Ohio University officials led an Inter-University Council team responsible for crafting a five-year agreement with JPMorgan Chase to provide purchasing card services to the University System of Ohio -- a deal which will result in a significant increase in purchasing card rebates for member institutions.
The unprecedented agreement leverages the group purchasing power of all Ohio public universities and 24 community colleges. Currently, members spend some $250 million a year using purchasing cards. By joining together, the universities will recoup bigger rebates based on total dollars spent.
Ohio University, which has an agreement with American Express that will expire in October 2011, is currently in the process of moving the procurement of items that cannot be purchased with the current cards to JPMorgan Chase accounts.
Individual employees will transition to JPMorgan Chase MasterCards beginning in January 2010. University Business Services expects that all employees will have the new cards by the end of spring quarter. Once individuals have made the switch, the university stands to receive an additional $132,990 per year in rebates.
Purchasing Card Administrator Shannon Bruce noted that the MasterCard transactions will be reconciled in Concur.
Click here for details about when individual planning units will transition to the new cards.
Ohio University had led the effort earlier this year to find a purchasing card provider. Bruce and Contract Administrator Rusty Thomas, along with procurement officials from Miami University and Bowling Green State University, evaluated proposals from seven companies before forwarding their final recommendation to the Inter-University Council Purchasing Group.
Mark Hopton, assistant vice president of University Business Services, said market conditions are ideal for this type of endeavor, because banks are looking for safe investments in a volatile economic climate at the same time that universities are searching for innovative ways to increase efficiency and leverage their purchasing power.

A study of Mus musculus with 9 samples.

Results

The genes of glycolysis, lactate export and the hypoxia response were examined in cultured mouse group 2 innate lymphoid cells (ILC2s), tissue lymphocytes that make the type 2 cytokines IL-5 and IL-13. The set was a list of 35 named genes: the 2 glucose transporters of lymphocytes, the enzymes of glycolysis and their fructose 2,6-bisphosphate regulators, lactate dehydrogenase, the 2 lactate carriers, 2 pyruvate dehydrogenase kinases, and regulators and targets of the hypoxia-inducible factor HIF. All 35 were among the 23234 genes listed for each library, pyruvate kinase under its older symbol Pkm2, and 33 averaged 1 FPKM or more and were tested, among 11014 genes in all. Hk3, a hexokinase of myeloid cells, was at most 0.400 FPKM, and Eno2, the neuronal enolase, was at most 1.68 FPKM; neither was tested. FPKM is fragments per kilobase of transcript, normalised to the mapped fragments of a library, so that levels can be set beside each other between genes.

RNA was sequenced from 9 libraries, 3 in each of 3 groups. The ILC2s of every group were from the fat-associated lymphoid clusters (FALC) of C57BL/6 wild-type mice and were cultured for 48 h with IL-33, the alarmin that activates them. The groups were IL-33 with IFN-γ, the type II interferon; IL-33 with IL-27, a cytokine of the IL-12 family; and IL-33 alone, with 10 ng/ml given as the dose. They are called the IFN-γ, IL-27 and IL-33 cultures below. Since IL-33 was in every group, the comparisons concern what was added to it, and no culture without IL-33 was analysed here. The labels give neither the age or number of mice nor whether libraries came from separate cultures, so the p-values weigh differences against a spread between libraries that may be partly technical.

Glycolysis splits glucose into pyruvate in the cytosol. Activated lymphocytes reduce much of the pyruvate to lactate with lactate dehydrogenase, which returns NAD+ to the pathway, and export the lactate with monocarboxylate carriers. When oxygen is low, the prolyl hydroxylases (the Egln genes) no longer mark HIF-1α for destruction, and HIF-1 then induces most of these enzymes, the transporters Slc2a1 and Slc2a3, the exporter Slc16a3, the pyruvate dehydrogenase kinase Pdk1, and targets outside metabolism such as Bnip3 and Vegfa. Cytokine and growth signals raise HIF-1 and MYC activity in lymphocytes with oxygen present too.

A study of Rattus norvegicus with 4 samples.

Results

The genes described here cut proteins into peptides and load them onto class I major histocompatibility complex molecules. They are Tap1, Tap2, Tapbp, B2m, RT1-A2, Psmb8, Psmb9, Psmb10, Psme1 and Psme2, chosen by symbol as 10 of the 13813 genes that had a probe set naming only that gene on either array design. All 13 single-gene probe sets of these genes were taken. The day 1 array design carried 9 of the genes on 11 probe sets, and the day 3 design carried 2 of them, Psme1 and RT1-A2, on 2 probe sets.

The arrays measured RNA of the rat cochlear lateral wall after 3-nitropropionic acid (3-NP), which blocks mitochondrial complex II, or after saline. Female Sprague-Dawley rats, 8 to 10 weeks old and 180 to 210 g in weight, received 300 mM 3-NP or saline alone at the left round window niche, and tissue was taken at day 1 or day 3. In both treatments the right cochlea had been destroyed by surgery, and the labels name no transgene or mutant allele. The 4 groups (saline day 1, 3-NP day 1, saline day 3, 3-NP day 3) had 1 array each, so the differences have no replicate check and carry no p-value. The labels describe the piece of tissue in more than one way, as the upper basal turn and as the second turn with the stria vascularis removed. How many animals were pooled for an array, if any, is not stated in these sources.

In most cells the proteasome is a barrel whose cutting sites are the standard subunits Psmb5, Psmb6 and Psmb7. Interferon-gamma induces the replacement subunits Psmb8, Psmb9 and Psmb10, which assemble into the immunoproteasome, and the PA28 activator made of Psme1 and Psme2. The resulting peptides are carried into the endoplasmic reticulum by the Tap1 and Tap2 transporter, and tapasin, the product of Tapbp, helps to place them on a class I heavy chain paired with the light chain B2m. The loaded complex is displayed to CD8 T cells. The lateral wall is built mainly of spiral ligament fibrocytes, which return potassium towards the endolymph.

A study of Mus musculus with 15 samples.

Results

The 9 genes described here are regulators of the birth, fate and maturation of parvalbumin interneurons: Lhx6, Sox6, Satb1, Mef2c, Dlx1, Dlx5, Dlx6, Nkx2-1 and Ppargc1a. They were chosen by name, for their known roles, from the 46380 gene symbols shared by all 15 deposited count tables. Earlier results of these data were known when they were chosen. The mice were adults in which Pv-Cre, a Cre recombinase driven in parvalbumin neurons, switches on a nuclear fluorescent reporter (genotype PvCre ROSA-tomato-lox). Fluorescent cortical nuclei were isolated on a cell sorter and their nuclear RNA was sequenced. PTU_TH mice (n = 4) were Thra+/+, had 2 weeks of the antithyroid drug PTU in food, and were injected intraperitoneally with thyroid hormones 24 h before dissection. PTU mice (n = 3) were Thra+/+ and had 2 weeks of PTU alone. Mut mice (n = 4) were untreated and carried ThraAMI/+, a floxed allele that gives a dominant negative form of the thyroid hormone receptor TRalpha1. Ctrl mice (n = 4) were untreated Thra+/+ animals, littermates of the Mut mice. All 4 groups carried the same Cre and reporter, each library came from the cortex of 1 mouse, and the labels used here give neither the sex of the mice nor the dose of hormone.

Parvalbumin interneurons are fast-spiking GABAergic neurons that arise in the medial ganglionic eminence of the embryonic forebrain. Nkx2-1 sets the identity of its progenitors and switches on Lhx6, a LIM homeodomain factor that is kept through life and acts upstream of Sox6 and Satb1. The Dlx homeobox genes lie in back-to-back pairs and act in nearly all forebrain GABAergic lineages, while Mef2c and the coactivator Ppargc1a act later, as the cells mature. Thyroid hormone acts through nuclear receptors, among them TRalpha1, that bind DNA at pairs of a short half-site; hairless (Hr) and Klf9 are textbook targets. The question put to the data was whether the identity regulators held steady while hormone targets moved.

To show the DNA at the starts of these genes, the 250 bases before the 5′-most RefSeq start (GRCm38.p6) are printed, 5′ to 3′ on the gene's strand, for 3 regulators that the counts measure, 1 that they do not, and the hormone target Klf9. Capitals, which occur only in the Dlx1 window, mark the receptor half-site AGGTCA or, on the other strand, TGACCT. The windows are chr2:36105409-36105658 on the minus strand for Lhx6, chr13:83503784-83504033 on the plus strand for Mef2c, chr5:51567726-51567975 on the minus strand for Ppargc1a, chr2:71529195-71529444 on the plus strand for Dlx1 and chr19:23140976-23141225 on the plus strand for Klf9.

JPMorgan Chase emerged as the clear frontrunner not only because it offered a significantly higher rebate rate, but also because the institution handles more card volume overall and reported higher customer satisfaction than its closest competitors. The agreement stands as an example of positive collaboration that will benefit all of the institutions involved.
"It’s important that we make an impact in a collaborative fashion to meet the guidelines established by the Chancellor’s office and the Board of Regents," Hopton said. "This is something that every school agreed to come into. That has never happened before."
These projects are all part of a state and university-wide goal of saving money and finding efficiencies through strategic purchasing initiatives.
"The University System of Ohio is finding more opportunities to be more efficient every day," Chancellor Eric D. Fingerhut said in a news release. "I applaud the Inter-University Council’s purchasing group and the procurement staff at Ohio University for leading this effort that will help the University System focus its resources on serving students."